If Monty Python were working in 1607, they might have come up with something like Francis Beaumont’s raucous The Knight of the Burning Pestle. A parody of popular chivalric romances of the day, the play follows the adventures of Rafe, an oafish grocer’s apprentice who decides to dub himself “The Knight of the Burning Pestle”, or in modern English, “The Knight of the Diseased Penis”. Yes, this play is a three-hour syphilis joke.
So it’s a curious choice for the first season of the Sam Wanamaker Playhouse at Shakespeare’s Globe, an indoor alternative to the longer-standing open air Globe. But as our hero wanders from The Strand to Waltham Forest, via Aldgate and Mile End, the reasons for such an obscure selection become evident, if not always convincing. The indoor Jacobean theatre is an exquisitely restored London landmark, a nigh-replica of the private venues which kick-started London’s theatrical heritage even before The Globe. And Burning Pestle, with its tart allusions to neighbourhood rivalries and enthusiastic commentary by audience representatives, is a sardonic love-letter to London and its theatre.
But Lord, does it take its time about it. In part, this is due to a bewildering array of intermissions: as well as the fifteen minute interval, we’re treated to three separate bursts of a four-minute ‘interlude’: not enough time to dash to the loo (I tried), but just enough time to clamber across your aggrieved neighbours, boost the Globe’s coffers by buying sticky ice cream, and spill it. I’m told the decision reflects concern that hard wooden seats might leave the audience desperate to stretch their legs. Actually, the space is so crammed that fighting one’s way out for a mere four minutes feels anti-social, and to give the Wanamaker its credit, the seats themselves aren’t as uncomfortable as rumoured.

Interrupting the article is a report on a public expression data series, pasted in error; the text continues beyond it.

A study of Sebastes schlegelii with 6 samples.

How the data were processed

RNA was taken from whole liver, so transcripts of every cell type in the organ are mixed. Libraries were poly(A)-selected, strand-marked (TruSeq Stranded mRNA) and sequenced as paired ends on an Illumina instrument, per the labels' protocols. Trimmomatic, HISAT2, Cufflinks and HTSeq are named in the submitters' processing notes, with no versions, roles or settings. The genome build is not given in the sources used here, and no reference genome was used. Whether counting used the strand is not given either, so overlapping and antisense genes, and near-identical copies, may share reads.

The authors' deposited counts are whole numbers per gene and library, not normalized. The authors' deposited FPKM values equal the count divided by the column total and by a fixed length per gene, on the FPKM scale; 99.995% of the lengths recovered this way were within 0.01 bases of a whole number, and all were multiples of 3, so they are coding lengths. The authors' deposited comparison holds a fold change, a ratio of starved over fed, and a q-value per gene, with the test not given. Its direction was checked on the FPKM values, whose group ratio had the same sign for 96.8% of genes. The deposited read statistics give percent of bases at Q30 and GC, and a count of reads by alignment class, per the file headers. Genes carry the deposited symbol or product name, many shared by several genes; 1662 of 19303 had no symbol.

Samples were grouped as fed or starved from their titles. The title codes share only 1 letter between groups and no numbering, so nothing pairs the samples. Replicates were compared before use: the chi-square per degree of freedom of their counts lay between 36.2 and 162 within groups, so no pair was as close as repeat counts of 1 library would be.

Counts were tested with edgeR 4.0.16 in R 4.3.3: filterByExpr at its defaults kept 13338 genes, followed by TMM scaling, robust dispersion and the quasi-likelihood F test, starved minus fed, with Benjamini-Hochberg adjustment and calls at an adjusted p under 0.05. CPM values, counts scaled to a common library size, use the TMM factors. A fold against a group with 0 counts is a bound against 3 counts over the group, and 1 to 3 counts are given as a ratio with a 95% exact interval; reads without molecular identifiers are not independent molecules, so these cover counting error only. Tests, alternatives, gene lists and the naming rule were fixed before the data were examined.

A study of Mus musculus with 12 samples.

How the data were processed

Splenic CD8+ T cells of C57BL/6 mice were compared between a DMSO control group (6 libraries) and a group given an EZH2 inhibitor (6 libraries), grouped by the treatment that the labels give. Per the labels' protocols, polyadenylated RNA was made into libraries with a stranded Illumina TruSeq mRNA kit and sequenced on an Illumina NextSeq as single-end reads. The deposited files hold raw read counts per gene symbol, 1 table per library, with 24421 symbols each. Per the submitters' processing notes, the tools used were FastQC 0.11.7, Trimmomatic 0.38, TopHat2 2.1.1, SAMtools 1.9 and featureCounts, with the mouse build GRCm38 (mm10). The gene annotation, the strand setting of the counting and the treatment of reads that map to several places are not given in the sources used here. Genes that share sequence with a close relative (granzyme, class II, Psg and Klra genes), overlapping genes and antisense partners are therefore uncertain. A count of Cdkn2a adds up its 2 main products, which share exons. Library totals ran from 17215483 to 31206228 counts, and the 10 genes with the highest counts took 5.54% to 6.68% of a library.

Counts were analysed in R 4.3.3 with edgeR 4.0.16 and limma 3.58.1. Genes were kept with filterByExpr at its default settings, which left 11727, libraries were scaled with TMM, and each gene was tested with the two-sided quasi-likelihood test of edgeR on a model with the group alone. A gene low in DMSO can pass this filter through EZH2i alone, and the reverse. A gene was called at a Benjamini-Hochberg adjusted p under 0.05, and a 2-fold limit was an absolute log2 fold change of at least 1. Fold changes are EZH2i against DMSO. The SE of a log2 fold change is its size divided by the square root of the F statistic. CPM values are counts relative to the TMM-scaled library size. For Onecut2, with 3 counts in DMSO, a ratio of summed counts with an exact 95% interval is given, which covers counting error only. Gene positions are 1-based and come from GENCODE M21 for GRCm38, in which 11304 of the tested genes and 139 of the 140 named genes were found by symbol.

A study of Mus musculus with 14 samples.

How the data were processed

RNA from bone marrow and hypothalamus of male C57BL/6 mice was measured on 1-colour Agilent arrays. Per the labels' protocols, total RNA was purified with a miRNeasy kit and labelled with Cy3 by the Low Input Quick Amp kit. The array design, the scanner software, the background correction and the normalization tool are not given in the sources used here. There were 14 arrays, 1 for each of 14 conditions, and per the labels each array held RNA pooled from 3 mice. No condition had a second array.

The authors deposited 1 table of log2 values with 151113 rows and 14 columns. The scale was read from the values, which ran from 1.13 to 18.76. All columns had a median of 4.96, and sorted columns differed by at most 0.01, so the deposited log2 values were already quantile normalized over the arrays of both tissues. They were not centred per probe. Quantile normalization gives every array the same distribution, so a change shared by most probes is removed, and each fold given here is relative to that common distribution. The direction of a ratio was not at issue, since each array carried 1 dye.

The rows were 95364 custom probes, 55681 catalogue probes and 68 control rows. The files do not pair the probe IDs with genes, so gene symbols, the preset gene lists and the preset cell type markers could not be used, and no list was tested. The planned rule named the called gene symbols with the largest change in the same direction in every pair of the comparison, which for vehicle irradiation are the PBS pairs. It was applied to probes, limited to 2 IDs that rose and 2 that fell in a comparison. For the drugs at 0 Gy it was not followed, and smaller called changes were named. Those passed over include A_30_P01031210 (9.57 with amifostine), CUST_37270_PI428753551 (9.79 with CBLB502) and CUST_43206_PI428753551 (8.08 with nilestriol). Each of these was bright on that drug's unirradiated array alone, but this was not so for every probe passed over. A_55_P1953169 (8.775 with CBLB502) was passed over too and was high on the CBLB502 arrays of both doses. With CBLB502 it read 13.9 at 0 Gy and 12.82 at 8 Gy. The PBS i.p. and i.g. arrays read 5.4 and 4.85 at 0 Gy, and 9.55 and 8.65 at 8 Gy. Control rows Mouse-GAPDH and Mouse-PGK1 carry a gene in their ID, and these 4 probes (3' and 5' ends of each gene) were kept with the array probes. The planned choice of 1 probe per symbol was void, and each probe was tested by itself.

And at its best, this is also a play about fact and fiction, about whether an audience can or should detach ourselves emotionally from what we watch. A herald announces a romantic comedy about an apprentice eloping with his greedy merchant-master’s daughter: immediately, a grocer in the audience (Phil Daniels) leaps in to defend merchants, and demands that instead the company stage a play about a knight errant, starring his own favoured apprentice, Rafe. The herald compromises, so we get growing havoc as Rafe’s supposedly spontaneous digressions hijack the plot of the pre-rehearsed romantic comedy.
Pauline McLynn, as the grocer’s wife, represents every audience member who’s ever got carried away in the theatre. Those who know her as Father Ted’s Mrs Doyle will recognize the same gift for finding the pathos in the most pathetic of characters. Leaping up to interrupt a crime of passion, she speaks for everyone who’s ever yearned to interrupt Othello, and reliving the fear of losing a child, she gives the first hint that there might be more to women’s voices in Jacobean city comedy than the worn-out cliché of the drab shrew.
Thanks in part to the luminous Alex Waldmann as the play’s real hero, it’s in the romantic comedy that this hybrid production really finds its heart. Waldmann was captivating as the innocent Antonio in the Globe’s recent Duchess of Malfi: here as Jasper, determined to marry his true love whatever the cost, he finds the necessary stillness at the centre of this madcap carnival. For the cruder elements of the production, I suggest you go with an open mind and a drink in hand. If I’d only been as smashed as Beaumont’s Jacobean audience likely were, I suspect I’d have had a lot more fun.